Last month, PearX S21 alum Transcera announced its seed round led by Xora Innovation, joined by Tau Ventures and existing pre-seed investors Pear, Digitalis Ventures, and KdT Ventures. To mark this milestone, we wanted to share more about Pear’s partnership with Transcera and its founders, Hunter Goble (CEO), Justin Wolfe (CSO), and Wayne Lencer (scientific co-founder).
We first met Hunter and Wayne when they applied to Pear Competition. Hunter was still an MBA student at HBS and Wayne was a professor at Harvard Medical School and researcher at Boston Children’s Hospital. At the time, they were part of the Nucleate program and looking to commercialize a new drug delivery platform they were working on.
When we met the team, we were excited about Transcera for several reasons:
Enormous unmet need and market opportunity. Today, many of the most impactful and best-selling medicines are so-called biologic drugs, comprising complex molecules that are typically synthesized via living systems rather than chemical means. These are large, bulky molecules including peptides or proteins that often exhibit little-to-no uptake upon oral dosing, and instead have to be injected into the blood or under the skin. For obvious reasons, when given a choice, patients strongly prefer the convenience of a self-administered pill. For example, pharma companies are now racing to develop orally administered versions of GLP-1 receptor agonists for obesity, as the first such drugs approved for this blockbuster indication have required administration via subcutaneous injection.
Broad, differentiated, and defensible technology platform – inspired by nature, informed by high-quality science, and validated preclinically. For almost three decades, Wayne and his group have been studying how large, orally ingested bacterial toxins, such as cholera toxin, are able to cross the intestinal epithelial barrier to cause disease. The lab discovered that structural features of key membrane constituents called glycosphingolipids directly influence the cellular sorting of these lipids and any associated payloads. Building on this foundational work, Transcera has demonstrated preclinically that synthetic lipids can be harnessed to achieve transport of biologics across intestinal barrier cells, enabling oral delivery and enhanced biodistribution. This active transport mechanism is differentiated from most existing approaches to enhancing oral bioavailability, which have primarily focused on passive diffusion enabled by permeation enhancers and other formulation excipients, and have suffered from relatively low absorption and narrow applicability.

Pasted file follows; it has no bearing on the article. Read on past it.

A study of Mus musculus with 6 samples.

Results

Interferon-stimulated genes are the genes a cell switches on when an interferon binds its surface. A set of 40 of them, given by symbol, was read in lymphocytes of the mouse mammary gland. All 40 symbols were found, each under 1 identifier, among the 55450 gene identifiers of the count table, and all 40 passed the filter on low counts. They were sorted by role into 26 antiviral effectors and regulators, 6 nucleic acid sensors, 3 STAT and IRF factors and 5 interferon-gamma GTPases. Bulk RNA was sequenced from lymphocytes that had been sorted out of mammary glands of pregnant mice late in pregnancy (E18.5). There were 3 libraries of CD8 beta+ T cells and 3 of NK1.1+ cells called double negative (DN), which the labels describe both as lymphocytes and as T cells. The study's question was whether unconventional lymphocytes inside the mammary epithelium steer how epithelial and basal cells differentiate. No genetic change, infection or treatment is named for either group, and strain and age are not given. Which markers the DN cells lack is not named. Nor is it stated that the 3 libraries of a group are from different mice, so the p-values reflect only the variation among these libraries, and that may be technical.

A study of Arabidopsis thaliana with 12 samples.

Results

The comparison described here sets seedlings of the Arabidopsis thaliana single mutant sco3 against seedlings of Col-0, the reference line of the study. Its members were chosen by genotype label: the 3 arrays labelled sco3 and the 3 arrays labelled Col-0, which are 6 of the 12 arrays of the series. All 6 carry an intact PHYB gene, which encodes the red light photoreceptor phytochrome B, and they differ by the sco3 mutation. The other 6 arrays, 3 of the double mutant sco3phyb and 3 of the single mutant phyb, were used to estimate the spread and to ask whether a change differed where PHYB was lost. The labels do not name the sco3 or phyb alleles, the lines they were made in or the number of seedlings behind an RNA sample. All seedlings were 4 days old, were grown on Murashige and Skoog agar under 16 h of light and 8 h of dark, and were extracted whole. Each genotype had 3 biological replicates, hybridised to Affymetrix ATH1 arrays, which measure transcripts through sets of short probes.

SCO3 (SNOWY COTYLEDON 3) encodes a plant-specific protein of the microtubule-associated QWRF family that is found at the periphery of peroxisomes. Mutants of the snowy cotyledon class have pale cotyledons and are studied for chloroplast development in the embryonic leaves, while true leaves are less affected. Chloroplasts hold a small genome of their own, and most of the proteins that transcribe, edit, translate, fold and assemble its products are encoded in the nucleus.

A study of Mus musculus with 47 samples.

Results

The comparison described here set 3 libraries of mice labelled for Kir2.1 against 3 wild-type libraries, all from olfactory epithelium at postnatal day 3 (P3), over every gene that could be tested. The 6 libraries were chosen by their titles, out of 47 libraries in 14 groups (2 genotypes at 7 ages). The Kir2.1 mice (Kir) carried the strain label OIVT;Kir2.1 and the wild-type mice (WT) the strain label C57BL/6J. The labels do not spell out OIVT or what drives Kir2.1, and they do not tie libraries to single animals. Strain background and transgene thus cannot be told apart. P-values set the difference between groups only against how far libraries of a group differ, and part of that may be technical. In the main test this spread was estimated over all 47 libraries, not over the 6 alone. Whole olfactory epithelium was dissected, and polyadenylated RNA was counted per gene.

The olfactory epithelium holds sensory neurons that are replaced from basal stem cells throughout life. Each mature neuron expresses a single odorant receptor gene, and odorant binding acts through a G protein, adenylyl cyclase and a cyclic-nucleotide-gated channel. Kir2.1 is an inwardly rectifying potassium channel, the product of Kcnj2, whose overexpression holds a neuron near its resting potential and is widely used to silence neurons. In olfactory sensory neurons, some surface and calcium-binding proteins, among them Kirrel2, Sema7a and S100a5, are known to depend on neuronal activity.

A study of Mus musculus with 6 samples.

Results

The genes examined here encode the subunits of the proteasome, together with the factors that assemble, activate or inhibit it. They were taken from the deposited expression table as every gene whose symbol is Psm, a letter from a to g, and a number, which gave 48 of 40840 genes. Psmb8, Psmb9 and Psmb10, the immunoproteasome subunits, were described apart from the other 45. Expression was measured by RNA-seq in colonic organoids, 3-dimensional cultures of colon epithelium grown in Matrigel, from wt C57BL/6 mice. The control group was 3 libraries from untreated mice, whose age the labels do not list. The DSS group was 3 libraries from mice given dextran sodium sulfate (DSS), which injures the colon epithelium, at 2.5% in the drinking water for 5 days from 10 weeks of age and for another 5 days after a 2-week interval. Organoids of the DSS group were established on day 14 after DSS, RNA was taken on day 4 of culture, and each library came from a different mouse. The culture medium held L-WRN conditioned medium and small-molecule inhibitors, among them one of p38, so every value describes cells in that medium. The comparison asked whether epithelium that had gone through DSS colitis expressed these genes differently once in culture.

Ambitious operating team with complementary skill sets. Prior to HBS, Hunter spent 5 years at Eli Lilly working on the commercial launch of a key drug product, and he also served as an internal consultant around new product planning for the pharma company’s immunology division. Justin completed his PhD in the Pentelute lab at MIT where he focused on delivery strategies for biologic drugs, including novel conjugation approaches for peptides, and he later worked as a scientist advancing the discovery and medicinal chemistry of macrocyclic peptides at Ra Pharmaceuticals through its acquisition by UCB. Whereas Hunter brings a savvy commercial mindset and disciplined financial rigor to Transcera, Justin in turn brings apt academic and industry domain expertise and strong scientific leadership skills. Hunter, Justin, and Wayne all share a passion for translating basic science research into technologies and programs that can make a tremendous impact for patients.
We have been impressed with the Transcera team’s execution and scientific progress so far. During PearX S21, we worked closely with Hunter on shaping the story and crafting the pitch ahead of Demo Day. Before joining the Pear team full-time as Pear’s biotech partner, I served as an industry mentor to Transcera, advising the team on questions related to IP in-licensing. After joining Pear, I continued to work closely with Transcera and fellow syndicate co-investors on scientific strategy, fundraising, and partnering.
Over the past two years, the Transcera team has proven to be resilient and resourceful. The production and scale-up of the synthetic lipid conjugates were challenging to master, but the team’s diligent efforts yielded multiple promising lead compounds. Critically, the team has expanded to bring in hands-on expertise in chemistry, cellular biology, and preclinical development, among other areas.
With this recent financing, we are excited to continue to back the Transcera team, and we are eager to see further development of the platform, with the ultimate goal of unlocking the full potential of biologic drugs for patients.